The Dollar Dilemma

The word “credit” is derived from the Latin verb credere, meaning "to believe." Indeed, a $100 bill has no more intrinsic value than a $1 bill — or a piece of scrap paper for that matter. The strength of a currency is contingent on a society's belief that it will hold value.

And more than any other asset class, we own dollars. We earn and spend dollars. We hold them in our wallets, checking and savings accounts. We live, think and breathe in dollars. So regardless of who you voted for, the fact is as a nation, we're "long" on U.S. dollars in a big way.

And it's not just Americans who've put the majority of our earned assets into the greenback — according to the IMF, 66.3% of all official foreign-exchange reserves are held in U.S. dollars, with 24.8% in the euro, 3.4% in the Japanese yen, and 4.0% in the British pound.

That might not always be the case. After all, the strongest currency can always be found in the most capitalist economies. But based on both their words and actions, it's painfully obvious that neither political party promotes free market capitalism as an integral component of their platform.

The Democrats, whether it is their advocacy for a minimum wage, universal health care or protectionist trade policies, are seemingly devoid of any free-market or laissez-faire ideals. To his credit, Bush attempted to address the Social Security time bomb, but has also increased nondefense spending at a historic rate. He also presided over the draconian Sarbanes-Oxley laws, which are literally draining life from the capital markets on a daily basis. As a capitalist, Bush talks the talk — but has hardly walked the walk.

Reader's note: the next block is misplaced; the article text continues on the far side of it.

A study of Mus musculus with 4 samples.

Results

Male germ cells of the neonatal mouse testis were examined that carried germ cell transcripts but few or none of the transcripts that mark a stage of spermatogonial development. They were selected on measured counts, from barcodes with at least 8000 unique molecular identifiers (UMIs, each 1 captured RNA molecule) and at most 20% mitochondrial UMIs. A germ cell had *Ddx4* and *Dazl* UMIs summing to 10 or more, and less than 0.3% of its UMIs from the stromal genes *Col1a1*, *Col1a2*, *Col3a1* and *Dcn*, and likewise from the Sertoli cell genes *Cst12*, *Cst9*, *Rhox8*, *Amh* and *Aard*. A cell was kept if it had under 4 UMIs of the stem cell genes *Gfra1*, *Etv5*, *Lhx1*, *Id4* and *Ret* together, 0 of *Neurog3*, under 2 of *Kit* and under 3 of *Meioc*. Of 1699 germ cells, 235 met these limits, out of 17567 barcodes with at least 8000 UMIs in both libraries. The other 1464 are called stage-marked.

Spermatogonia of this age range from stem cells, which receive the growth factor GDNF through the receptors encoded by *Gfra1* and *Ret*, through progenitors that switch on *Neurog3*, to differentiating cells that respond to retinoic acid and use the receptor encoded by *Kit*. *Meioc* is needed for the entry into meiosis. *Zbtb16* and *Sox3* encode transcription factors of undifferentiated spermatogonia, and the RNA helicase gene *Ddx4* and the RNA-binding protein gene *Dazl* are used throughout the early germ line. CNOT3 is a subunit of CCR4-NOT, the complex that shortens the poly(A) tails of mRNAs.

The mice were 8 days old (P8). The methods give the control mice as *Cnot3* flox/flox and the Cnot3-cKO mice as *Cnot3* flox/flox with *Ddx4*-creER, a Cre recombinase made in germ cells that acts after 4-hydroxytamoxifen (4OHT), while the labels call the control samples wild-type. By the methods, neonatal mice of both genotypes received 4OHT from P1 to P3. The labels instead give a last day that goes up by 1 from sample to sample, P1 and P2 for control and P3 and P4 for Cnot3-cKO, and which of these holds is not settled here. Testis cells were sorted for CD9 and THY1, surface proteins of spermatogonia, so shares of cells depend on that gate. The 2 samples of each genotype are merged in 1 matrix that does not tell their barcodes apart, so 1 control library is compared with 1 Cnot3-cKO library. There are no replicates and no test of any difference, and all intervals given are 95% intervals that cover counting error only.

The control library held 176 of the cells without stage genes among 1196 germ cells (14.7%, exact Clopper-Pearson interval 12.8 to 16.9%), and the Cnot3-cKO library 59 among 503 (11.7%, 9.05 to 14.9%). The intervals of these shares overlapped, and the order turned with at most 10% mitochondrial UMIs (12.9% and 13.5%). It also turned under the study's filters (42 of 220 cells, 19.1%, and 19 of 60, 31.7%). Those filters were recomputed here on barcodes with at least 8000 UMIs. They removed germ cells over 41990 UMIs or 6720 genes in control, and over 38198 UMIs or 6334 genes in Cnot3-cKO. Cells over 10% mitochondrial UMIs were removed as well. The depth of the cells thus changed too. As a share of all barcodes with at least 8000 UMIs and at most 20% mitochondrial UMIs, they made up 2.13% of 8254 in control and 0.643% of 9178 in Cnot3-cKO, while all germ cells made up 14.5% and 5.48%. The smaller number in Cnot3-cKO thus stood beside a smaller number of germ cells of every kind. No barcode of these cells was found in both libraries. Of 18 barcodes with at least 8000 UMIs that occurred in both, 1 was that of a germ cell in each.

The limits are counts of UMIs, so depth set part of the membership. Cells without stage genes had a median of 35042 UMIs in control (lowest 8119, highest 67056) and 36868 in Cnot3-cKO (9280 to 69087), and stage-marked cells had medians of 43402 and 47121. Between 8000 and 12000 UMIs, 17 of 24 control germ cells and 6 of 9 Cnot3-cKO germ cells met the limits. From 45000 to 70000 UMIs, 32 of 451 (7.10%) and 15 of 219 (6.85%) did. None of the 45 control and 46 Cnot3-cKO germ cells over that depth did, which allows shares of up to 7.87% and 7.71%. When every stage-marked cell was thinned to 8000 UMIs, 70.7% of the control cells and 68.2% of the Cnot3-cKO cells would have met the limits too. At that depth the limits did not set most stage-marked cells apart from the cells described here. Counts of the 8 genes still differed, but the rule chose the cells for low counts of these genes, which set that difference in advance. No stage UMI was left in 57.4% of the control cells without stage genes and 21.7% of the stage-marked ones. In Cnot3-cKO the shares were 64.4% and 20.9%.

You can debate whether higher taxes and a minimum wage or entitlements such as Social Security or universal health care are worthy goals, but one thing is certain: they aren't free. Yet, the government is able to promise these things, essentially by spending money it doesn't have.

Writer and philosopher Ayn Rand describes it as a process in which "the government borrows money today, which is to be repaid with money it will borrow from you tomorrow, which is to be repaid with money it will borrow from you the day after tomorrow ... and so on."

The net effect of this approach is a decline in the value of a nation’s (and the purchasing power of people's) hard-earned savings. And as the anti-capitalist welfare state expands under both parties, it's my belief that the value of the dollar will continue to fall.

I'm not an alarmist, just a student of history. Entire civilizations have been toppled as the values of their currencies evaporated, and the current political environment has prompted me to increase my allocation to foreign exchange beyond the good 'ole greenback. For individual investors, it’s painfully simple when you use FX ETFs such as those found at Buying the Mexican Peso (FXM) is as easy as buying GE.

With neither political party representing the interests of honest, profit-seeking capitalists, it's clear that ominous economic winds are beginning to blow. I love this country to the core, but unfortunately it seems as if dumping the dollar might be precisely the trade that provides shelter from the gathering storm.

Jonathan Hoenig is managing member at Capitalistpig Hedge Fund LLC and markets editor for He is a Fox Business News contributor and regular guest on the “Cashin’ In” program.